So long as reinsurers are charging an adequate price for catastrophe risk, they have no need to worry about capital market investors coming in on their act

There was a time when the capital markets were considered a complement to traditional ultimate net loss reinsurance. However, some executives of traditional reinsurers feel that capital markets investors have started to encroach on their territory. Investors are increasingly stepping in to set up catastrophe funds or sidecars to capitalise on perceived capacity shortages.

A prime example is the Florida homeowners’ market. Demand was expected to be particularly high at 1 June, because the consensus is that, after a few benign years, Florida is due a hurricane. As a result, a number of capital markets-backed vehicles have come in, and there has been some disappointment with the low level of rate rises in that market.

Investors are being attracted to the reinsurance market because there are scant opportunities to invest elsewhere, given the current financial crisis. Reinsurance is, in some places at least, in demand and lucrative when prices are right. If there is another benign year in Florida, investors stand to make a lot of money, as the state’s property-catastrophe rates on-line are among the highest in the world.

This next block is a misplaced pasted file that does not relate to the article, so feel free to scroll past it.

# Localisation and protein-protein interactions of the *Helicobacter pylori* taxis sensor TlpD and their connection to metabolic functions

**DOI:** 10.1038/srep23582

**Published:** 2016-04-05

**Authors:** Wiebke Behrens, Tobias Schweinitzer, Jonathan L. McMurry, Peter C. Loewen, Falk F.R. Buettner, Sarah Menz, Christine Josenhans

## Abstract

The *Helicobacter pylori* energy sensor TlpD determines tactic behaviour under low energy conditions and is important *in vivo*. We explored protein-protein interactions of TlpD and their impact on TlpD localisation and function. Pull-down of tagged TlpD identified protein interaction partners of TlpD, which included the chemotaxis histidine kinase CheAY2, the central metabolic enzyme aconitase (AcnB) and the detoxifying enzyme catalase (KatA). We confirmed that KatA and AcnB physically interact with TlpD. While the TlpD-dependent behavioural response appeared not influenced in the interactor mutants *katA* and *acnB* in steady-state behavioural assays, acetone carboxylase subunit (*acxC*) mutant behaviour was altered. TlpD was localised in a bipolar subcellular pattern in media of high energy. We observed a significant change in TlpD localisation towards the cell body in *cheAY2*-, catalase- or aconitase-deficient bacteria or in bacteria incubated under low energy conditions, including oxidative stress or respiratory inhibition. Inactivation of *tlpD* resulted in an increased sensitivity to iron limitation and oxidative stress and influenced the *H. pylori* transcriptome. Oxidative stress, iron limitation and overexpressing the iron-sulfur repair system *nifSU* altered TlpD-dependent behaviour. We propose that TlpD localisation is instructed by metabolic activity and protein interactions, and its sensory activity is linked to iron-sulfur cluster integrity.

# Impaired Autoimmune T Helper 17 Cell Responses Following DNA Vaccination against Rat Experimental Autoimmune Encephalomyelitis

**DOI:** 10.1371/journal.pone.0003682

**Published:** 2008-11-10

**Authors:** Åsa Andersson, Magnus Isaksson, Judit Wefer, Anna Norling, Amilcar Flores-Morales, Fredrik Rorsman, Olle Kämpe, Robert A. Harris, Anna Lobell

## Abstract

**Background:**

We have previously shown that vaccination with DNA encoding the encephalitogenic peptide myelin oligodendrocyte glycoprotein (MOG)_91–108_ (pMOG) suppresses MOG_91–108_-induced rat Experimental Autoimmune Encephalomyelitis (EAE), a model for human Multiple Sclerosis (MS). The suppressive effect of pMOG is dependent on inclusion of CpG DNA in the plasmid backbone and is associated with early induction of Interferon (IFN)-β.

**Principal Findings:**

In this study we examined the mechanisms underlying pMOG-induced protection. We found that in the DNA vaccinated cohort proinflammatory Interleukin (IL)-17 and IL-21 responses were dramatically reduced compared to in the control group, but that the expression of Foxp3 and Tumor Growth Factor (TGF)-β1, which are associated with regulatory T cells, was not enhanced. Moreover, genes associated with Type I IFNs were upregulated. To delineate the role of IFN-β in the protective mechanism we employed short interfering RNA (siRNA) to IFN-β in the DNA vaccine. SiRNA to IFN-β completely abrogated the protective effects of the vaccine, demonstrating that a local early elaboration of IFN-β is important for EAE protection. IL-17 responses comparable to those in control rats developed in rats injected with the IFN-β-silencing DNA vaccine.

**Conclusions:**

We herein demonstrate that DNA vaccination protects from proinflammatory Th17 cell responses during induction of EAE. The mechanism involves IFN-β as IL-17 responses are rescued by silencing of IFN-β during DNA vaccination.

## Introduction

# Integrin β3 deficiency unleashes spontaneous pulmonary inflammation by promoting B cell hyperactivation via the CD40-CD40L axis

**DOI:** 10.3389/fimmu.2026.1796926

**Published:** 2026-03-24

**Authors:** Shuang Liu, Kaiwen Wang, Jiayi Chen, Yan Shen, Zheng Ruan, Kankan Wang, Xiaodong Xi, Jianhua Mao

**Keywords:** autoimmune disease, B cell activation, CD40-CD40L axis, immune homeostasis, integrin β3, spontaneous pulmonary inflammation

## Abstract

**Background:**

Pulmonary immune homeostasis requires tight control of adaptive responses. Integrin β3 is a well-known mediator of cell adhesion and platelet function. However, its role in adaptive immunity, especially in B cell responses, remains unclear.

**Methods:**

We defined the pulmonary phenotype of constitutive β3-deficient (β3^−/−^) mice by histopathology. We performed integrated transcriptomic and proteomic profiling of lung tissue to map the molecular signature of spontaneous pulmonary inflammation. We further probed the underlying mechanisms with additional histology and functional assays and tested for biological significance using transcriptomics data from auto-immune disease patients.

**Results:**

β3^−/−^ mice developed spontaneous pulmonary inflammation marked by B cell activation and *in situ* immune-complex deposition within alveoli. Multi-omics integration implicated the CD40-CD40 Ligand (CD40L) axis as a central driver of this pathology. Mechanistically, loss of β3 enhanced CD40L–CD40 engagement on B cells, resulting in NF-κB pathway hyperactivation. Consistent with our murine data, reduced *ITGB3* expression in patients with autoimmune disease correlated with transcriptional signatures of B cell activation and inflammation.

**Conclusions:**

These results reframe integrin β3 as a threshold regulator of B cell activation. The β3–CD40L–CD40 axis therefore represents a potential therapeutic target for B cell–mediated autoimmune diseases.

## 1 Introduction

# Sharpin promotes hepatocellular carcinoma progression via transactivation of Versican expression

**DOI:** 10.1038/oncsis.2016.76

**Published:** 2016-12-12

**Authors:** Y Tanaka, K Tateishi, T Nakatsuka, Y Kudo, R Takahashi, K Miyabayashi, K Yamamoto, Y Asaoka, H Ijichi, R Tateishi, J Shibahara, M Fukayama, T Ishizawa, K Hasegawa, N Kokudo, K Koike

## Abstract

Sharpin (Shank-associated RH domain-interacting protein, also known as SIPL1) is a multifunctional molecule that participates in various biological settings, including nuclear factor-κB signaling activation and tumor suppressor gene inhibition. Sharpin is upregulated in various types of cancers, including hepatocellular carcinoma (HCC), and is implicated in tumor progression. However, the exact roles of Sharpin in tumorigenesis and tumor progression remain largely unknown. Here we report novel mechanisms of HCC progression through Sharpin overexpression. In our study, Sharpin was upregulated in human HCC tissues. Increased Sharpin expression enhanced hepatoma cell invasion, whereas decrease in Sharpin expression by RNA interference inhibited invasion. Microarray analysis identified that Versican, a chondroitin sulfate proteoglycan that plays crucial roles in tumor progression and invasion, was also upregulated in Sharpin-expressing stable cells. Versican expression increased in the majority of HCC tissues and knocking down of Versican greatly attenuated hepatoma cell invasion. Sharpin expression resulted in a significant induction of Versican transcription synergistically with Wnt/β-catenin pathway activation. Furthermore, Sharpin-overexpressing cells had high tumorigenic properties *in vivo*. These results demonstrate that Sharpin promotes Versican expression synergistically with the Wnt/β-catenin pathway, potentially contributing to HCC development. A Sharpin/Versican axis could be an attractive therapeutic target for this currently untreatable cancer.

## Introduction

Reinsurance is, in some places at least, in demand and lucrative when prices are right

As an example, one only needs to look at what happens to catastrophe specialists’ combined ratios when losses are mild. RenaissanceRe’s combined ratio was a tiny 29.4% in the first quarter of 2012.

So should traditional reinsurers feel threatened? Some do, but perhaps companies should take a more measured view. Capacity has always flowed in where opportunities are perceived. What happened in Florida this year was no different.

As long as companies charge what they consider to be an adequate price for the risk they are assuming, they should be fine. They may lose some business to cheaper newcomers, but if there are really large losses and the newcomers have underpriced, that business will soon come back.